First Lady Margaret Kenyatta has called for enhanced digital inclusion for persons with disabilities so as to eliminate technological barriers that prevent them from accessing services.
The First Lady said the need for digital solutions has been amplified by the Covid-19 pandemic which has made it necessary for people, communities and businesses to rely on access to the internet, smart technology and online services to survive.
“Most affected by the pandemic have been vulnerable, blind and visually impaired persons who, due to their circumstances, have faced multiple forms of digital exclusion such as lack of computer assistive technology, inaccessible websites or online content,” the First Lady noted.
First Lady Margaret Kenyatta spoke Thursday when she delivered the keynote address at the opening of the inaugural virtual Inclusive Africa Conference 2020 that attracted over 1000 participants from across Africa.
The conference was organized by inABLE, a non governmental organization based in Kenya and the United States of America, that has been running programs to assist children with visual disability for the last 10 years.
The First Lady emphasized the need to scale up digital access and inclusion by adopting regional and global best practices to ensure young people with disabilities are not left behind in contributing to Kenya’s development.
She expressed concern that digital services and products that fully cater for the needs of persons with disabilities including the blind and visually impaired were still lacking in many areas.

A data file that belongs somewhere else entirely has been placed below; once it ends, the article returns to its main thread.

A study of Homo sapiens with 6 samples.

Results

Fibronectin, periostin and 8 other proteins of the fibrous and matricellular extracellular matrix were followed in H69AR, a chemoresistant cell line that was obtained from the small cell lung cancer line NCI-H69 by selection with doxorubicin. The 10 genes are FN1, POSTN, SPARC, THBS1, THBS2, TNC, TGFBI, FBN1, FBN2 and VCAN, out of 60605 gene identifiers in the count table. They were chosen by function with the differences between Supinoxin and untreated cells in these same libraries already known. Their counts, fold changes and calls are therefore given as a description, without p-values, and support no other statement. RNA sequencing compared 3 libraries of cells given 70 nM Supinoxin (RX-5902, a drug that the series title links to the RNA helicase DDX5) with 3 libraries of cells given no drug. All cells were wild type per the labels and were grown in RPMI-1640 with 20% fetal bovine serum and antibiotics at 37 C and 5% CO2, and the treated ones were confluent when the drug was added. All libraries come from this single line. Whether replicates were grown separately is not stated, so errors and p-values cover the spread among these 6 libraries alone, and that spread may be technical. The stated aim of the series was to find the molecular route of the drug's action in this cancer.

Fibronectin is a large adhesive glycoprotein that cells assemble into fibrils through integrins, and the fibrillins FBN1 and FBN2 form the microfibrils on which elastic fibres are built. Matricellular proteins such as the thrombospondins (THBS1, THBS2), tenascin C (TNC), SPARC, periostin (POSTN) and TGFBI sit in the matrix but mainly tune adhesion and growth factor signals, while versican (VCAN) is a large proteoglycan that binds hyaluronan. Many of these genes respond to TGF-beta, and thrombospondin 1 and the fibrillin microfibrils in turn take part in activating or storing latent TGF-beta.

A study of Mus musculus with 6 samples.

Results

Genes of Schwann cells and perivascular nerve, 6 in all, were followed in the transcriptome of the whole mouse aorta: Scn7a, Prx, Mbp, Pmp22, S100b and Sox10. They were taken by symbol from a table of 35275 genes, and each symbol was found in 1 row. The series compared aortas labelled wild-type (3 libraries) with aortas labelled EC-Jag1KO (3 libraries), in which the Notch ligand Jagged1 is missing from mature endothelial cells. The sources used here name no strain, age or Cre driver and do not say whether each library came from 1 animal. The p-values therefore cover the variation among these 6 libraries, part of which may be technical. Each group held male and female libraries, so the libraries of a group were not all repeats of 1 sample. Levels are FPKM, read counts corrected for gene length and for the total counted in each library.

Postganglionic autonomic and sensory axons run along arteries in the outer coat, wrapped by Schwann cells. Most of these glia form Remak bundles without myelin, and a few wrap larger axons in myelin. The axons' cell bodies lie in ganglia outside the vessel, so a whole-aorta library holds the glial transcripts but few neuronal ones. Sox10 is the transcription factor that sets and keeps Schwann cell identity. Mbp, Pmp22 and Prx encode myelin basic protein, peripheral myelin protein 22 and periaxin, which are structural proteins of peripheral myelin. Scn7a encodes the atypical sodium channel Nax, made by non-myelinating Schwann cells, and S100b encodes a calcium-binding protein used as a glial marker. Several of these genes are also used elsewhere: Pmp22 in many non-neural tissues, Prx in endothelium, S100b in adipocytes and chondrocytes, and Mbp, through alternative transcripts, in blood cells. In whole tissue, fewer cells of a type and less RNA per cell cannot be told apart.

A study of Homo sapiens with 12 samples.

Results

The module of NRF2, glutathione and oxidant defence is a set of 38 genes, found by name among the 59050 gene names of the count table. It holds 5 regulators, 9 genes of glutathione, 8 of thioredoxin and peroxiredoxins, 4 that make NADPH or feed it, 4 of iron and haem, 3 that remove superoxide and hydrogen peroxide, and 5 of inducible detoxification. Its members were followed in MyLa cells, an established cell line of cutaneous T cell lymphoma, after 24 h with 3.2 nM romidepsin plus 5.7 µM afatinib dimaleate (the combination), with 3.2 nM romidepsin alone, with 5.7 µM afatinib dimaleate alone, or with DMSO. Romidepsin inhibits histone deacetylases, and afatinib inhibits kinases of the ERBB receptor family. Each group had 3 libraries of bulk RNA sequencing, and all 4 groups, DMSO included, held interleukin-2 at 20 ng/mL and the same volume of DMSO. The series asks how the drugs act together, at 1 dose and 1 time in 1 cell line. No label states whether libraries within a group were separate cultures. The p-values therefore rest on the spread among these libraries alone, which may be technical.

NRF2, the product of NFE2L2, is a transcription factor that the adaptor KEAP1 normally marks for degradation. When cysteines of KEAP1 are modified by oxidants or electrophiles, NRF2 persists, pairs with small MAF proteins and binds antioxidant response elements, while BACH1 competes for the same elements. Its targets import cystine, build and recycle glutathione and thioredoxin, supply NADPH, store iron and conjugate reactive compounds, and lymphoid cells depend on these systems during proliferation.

“This is a concern for many other African countries because the dialogue around digital inclusion is only just emerging,” she said.
The First Lady commended Kenya’s Ministry of ICT, Innovation and Youth Affairs for its recent launch of a new inclusive National Information, Communication and Technology Policy that prioritizes access and inclusion of technology for persons with disabilities.
“This new policy is a significant step in the development of new standards for digital accessibility and I look forward to its implementation,” the First Lady said.
While praising Kenyan industries and businesses for investing in innovations for inclusive digital services, the First Lady called for more investment in interventions that serve children with disabilities so as to equip them with modern technological capabilities from an early age.
She expressed hope that the conference would map out strategies that will assist in removing barriers that hinder access to technology for people living with disabilities.
“It is my hope that digital solutions and best practices will be adapted for easy access and affordability across Africa; and that more investment will be allocated towards education and digital training and employment of youth with disabilities,” the First Lady said.
She implored the conference participants to explore ways of supporting and encouraging ambitious youth like Anthony Wambua from Machakos County who is studying to become Kenya’s first blind computer programmer.
ICT Principal Secretary Jerome Ochieng, who also spoke at the conference, outlined the initiatives the Government is implementing to ensure digital inclusivity.
The Principal Secretary singled out Government’s installation of over 9000 kilometres of fibre optic cable connecting all counties and sub-county headquarters as one of the measures taken to boost digital accessibility.
Ms Haben Girma, the first deaf-blind person to graduate from Harvard Law School and currently a disability rights lawyer and activist shared a moving and inspiring story of her life’s journey.
Others who spoke during the opening segment of the two-day virtual conference included Irene Mbari-Kirika, the Executive Director of inABLE, and Rama Gheerawo, the Director of the London-based Helen Hamlyn Centre for Design.